Bank of America's Dividend Boost, $5 Billion Buyback Plan Cleared
It has been a long wait for investors in Bank of America ( BAC ), but the banking giant has made it worth their while by strengthening its business model and balance sheet enough to hike dividends for the first time since the economic downturn. The bank received the Federal Reserve's approval to increase its quarterly dividend from the token 1-cent per share level it has maintained for 5 years now, to 5 cents apiece from Q2 2014. The announcement, which comes after the Fed detailed the results of its annual review of banks this Wednesday, also includes a plan to repurchase $5 billion in shares this year. Given the bank's roughly 10.6 billion outstanding shares, the capital plan entails a payout of roughly $7.1 billion to investors by Q1 2015.
We maintain our price estimate for Bank of America's stock at $18.50 - about 10% higher than the current market price - as the announced capital plan is largely in line with what we forecast for 2014.
Before the 2008 recession set in, Bank of America was quite generous with its policy of returning cash to investors - demonstrated by the fact that the bank paid between $7.6 billion and $10.7 billion in cash dividends to its common stock investors each year between 2005 and 2007. The bank also spent an average of $8 billion over these three years buying back its shares. But following the downturn, and the added burden from the acquisitions of Countrywide and Merrill Lynch, dividends dried up with the bank paying less than $2 billion total over the five-year period 2009-2013.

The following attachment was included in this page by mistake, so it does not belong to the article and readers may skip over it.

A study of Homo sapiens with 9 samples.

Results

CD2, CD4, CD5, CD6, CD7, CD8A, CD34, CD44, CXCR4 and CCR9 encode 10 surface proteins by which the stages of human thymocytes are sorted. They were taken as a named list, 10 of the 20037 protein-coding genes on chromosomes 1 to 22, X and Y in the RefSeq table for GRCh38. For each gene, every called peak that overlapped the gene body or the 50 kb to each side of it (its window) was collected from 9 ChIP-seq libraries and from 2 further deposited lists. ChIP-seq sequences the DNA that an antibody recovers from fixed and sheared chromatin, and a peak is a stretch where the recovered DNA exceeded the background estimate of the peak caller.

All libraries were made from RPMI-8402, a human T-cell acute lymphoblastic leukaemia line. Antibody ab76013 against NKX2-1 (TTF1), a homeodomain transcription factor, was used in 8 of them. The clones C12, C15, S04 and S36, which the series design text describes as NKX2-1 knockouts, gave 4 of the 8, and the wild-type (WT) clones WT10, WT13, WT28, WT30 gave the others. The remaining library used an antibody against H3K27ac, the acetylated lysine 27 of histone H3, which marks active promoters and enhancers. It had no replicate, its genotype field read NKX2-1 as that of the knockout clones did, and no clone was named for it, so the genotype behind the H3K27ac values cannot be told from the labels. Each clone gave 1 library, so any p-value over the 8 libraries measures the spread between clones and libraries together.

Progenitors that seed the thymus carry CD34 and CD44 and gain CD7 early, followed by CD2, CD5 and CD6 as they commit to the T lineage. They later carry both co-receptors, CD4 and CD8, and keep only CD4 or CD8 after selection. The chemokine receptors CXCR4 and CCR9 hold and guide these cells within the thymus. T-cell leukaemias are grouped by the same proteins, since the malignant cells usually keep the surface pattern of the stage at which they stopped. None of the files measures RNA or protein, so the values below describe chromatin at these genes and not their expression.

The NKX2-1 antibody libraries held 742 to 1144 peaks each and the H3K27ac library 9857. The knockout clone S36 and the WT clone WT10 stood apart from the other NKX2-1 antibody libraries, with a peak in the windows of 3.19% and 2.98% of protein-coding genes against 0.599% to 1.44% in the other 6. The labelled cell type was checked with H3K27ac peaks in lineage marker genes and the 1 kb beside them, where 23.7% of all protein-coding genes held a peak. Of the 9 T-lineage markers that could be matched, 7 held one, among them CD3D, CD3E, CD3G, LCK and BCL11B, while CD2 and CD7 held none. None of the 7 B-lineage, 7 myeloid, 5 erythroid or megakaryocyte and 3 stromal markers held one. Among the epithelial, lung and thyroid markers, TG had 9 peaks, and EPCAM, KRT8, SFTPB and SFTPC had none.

The table below summarizes Bank of America's capital return figures for each year since 2005, and has been compiled using figures reported in annual reports:
|(in $ mil)||2005||2006||2007||2008||2009||2010||2011||2012||2013|
|Common Stock Dividends||7,665||9,639||10,696||10,076||369||405||377||481||328|
It should be noted that the value of shares repurchased by Bank of America in 2013 ($3.2 billion) is lower than the proposed figure of $5 billion last year as the financial reporting period is from January to December, whereas the capital plans are cleared over an April to March period. In other words, Bank of America can spend up to $1.8 billion this quarter as a part of the plan which was approved by the Fed last year.
The proposed 5-cents per share quarterly dividend will boost the total dividends paid by the bank in each quarter starting from Q2 2014 to a little more than $500 million. The bank will also initiate a fresh share repurchase program in April to buy back up to $5 billion worth of shares by the end of March 2015. We factor in these payouts in our analysis of Bank of America in the form of an adjusted dividend payout rate shown in the chart below. As this payout rate was not meaningful over 2008-2011, we represent it in the chart as 0%. You can understand how a change in the bank's adjusted dividend payout affects its share value by making changes to the chart.